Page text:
COLUMBUS, Ohio – Ohio Governor Mike DeWine has urged President Joe Biden to support keeping propane and light crude flowing through pipelines along the floor of the straits of Mackinac under threat of closure from Michigan Governor Gretchen Whitmer, a Democrat, and environmentalists.
DeWine and Lt. Governor Jon Husted, who heads Ohio’s workforce development efforts, sent a letter to Biden warning of the severe economic damage a shutdown would entail to the state and the region.
The letter to Biden stressed the widespread negative impact of closing the pipeline, citing a Consumer Energy Alliance report of a potential loss of 33,755 workers in Ohio, Michigan, Indiana and Pennsylvania and a $20.8 billion annual economic hit. About 20,000 of those jobs are in Ohio as well as $13.7 billion of that economic hit.
“Any disruption in Line 5 would have a devastating impact on the economy of Northwest Ohio, further harming industry supply chains, eliminating thousands of good-paying jobs and increasing the cost of fuel for transportation, heat for homes and products American use every day,” the letter read. “The closure of this vital resource would put our state and the neighboring states at a great disadvantage as the nation continues to recover from the COVID-19 global pandemic.”
According to the website of pipeline operator Enbridge Inc., Line 5 consists of twin, 20-inch pipelines carrying propane, light crude as it crosses 4.5 miles along the bottom of the Straits of Mackinac.
Michigan’s Whitmer has raised concerns about potential environmental impacts a pipeline burst may cause. Indeed, a tugboat damaged one of the pipes three years ago, leading the Michigan legislature to support a tunneling effort to better protect the pipeline under the strait that connects Lake Michigan and Lake Huron.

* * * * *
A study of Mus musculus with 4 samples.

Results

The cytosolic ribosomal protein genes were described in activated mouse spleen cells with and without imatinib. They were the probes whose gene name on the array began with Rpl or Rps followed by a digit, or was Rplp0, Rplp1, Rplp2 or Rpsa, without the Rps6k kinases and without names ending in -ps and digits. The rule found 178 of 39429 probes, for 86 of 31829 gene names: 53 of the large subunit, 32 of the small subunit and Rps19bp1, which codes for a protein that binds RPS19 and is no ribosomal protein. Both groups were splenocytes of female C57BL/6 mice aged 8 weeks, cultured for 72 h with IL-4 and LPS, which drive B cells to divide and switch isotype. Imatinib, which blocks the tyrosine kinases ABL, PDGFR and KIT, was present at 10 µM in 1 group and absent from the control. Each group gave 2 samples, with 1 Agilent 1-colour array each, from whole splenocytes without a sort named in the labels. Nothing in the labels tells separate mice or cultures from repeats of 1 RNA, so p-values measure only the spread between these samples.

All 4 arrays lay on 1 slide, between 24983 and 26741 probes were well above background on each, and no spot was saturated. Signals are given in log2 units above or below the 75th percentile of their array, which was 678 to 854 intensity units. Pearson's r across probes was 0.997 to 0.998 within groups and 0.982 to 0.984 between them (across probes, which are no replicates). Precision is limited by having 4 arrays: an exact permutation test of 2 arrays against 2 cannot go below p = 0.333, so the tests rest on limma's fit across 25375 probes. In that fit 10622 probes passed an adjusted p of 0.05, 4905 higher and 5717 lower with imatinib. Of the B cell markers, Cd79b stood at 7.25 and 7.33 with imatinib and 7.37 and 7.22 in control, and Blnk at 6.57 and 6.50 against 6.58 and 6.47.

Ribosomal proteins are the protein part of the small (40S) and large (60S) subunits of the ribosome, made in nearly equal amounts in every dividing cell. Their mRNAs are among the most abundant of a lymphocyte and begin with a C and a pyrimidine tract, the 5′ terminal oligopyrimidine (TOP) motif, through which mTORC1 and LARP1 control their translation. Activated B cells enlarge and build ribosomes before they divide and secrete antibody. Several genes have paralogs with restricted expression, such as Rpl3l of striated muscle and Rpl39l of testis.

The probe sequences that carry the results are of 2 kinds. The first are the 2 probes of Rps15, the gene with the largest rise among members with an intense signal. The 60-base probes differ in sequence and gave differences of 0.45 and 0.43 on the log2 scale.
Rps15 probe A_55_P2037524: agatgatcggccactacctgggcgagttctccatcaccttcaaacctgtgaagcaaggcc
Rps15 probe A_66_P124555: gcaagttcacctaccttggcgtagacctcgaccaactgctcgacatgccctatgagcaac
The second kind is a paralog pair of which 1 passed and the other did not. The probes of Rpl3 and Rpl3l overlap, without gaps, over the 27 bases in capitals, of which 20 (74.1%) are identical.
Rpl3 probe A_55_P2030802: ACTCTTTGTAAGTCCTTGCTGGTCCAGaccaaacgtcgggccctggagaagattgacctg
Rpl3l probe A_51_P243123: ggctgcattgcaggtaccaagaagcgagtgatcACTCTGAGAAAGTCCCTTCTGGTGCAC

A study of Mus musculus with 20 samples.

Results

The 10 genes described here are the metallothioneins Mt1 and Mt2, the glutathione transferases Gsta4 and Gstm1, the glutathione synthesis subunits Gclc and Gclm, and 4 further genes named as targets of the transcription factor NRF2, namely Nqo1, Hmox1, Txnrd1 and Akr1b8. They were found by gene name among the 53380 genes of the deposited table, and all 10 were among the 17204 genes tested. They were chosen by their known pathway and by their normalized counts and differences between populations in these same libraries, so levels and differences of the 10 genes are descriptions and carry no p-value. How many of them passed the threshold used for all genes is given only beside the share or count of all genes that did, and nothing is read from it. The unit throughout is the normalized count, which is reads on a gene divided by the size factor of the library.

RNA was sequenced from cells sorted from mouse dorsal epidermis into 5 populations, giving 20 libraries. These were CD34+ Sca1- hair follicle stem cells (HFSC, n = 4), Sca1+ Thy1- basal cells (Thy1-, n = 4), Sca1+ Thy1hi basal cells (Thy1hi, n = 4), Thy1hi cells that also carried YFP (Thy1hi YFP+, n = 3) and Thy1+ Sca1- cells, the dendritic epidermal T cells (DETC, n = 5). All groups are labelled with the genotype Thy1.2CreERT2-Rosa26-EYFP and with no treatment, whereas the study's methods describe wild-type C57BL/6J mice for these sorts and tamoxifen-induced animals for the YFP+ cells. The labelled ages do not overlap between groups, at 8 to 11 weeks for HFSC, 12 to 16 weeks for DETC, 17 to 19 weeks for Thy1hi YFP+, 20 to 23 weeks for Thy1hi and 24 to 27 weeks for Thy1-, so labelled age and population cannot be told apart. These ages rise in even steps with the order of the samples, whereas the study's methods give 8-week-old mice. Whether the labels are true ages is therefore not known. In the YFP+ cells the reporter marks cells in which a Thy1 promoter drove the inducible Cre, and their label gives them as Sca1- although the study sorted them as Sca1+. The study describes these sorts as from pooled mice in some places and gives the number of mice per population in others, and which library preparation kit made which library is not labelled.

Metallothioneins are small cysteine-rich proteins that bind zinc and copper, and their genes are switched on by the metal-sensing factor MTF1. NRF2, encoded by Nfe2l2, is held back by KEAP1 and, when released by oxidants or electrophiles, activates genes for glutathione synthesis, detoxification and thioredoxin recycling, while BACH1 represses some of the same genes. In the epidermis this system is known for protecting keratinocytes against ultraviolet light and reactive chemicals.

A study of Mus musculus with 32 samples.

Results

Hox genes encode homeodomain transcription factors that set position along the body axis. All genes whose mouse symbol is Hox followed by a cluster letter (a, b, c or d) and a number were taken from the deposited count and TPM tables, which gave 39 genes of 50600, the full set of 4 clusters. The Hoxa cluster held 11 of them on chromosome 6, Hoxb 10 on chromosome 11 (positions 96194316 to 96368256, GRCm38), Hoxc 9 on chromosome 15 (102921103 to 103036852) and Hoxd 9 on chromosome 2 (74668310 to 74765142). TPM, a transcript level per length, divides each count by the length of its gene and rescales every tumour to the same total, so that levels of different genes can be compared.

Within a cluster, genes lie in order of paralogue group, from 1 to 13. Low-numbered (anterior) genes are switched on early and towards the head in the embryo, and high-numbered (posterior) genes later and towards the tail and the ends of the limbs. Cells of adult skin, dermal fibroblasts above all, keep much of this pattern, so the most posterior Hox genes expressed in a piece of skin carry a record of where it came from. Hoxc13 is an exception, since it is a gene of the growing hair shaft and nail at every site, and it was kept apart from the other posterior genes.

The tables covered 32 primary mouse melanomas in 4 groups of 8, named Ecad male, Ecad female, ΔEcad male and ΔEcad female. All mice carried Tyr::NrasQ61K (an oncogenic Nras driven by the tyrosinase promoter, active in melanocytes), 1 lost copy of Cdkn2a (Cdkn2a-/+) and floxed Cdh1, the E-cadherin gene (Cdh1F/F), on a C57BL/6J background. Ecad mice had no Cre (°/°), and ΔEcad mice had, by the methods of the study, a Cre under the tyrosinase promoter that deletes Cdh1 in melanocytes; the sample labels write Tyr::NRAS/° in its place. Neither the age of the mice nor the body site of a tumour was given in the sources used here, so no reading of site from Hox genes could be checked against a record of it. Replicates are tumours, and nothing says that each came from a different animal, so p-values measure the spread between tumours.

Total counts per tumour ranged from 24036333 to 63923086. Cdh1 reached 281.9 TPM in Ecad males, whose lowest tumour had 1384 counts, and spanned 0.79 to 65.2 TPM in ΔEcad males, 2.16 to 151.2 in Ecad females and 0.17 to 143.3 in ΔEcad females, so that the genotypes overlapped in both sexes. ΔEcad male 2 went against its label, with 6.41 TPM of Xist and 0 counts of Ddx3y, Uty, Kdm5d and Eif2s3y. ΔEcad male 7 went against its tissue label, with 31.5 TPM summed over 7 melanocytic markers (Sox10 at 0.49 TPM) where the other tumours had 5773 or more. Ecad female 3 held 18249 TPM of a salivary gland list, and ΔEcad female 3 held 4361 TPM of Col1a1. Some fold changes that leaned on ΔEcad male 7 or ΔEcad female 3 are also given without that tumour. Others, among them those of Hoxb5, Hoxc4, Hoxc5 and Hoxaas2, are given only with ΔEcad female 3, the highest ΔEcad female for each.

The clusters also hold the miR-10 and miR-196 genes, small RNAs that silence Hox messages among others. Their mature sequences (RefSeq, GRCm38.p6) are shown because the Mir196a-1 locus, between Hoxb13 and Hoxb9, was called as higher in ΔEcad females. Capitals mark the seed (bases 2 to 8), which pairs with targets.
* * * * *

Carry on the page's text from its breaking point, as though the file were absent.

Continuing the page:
Whitmer has opposed that plan approved by her Republican predecessor, Rick Snyder. Enridge earlier this month won a ruling to keep the state’s lawsuit seeking to close the pipeline in U.S. District for Western Michigan Southern Division.
The 645-mile line itself runs from Sarnia, Ontario in Canada north of Detroit to Superior, Minnesota, but it has significant connections into Ohio that would impact a Toledo refining operation and other facilities and end markets.
The pipeline provides 65 percent of the Upper Peninsula’s propane demand and 55 percent of Michigan’s statewide demand, according to the pipeline company’s website.
The possibility of a shutdown also has implications for Canada, which has raised its concerns with the Biden administration because of the impact it would have on Eastern Canada fuel supplies.
The issue also comes against the backdrop of national and international energy politics as the Biden administration seeks to push alternatives to so-called fossil fuels amid claims of their impact on global climate change.
DeWine and Husted this summer met with Whitmer to dissuade her from shutting down the pipeline.
Husted’s role in the issue stems from his leadership role with the Office of Workforce Transformation and the state’s Common Sense Initiative that seeks to reduce burdensome regulations hindering economic growth.
Ohio’s appeal to Biden also follows the November 11 call of the Ohio Chamber of Commerce supporting the planned improvements Michigan had previously endorsed.
“The Ohio Chamber of Commerce urges President Biden and Governor Whitmer to keep Enbridge Line 5 operational,” Chamber CEO Steve Stivers said in the press release. “Ohio businesses, employees and families depend on Line 5, and are counting on the operation of Line 5 and the construction of the Great Lakes Tunnel to protect local economies of the Great Lakes, all while keeping energy prices affordable for consumers.”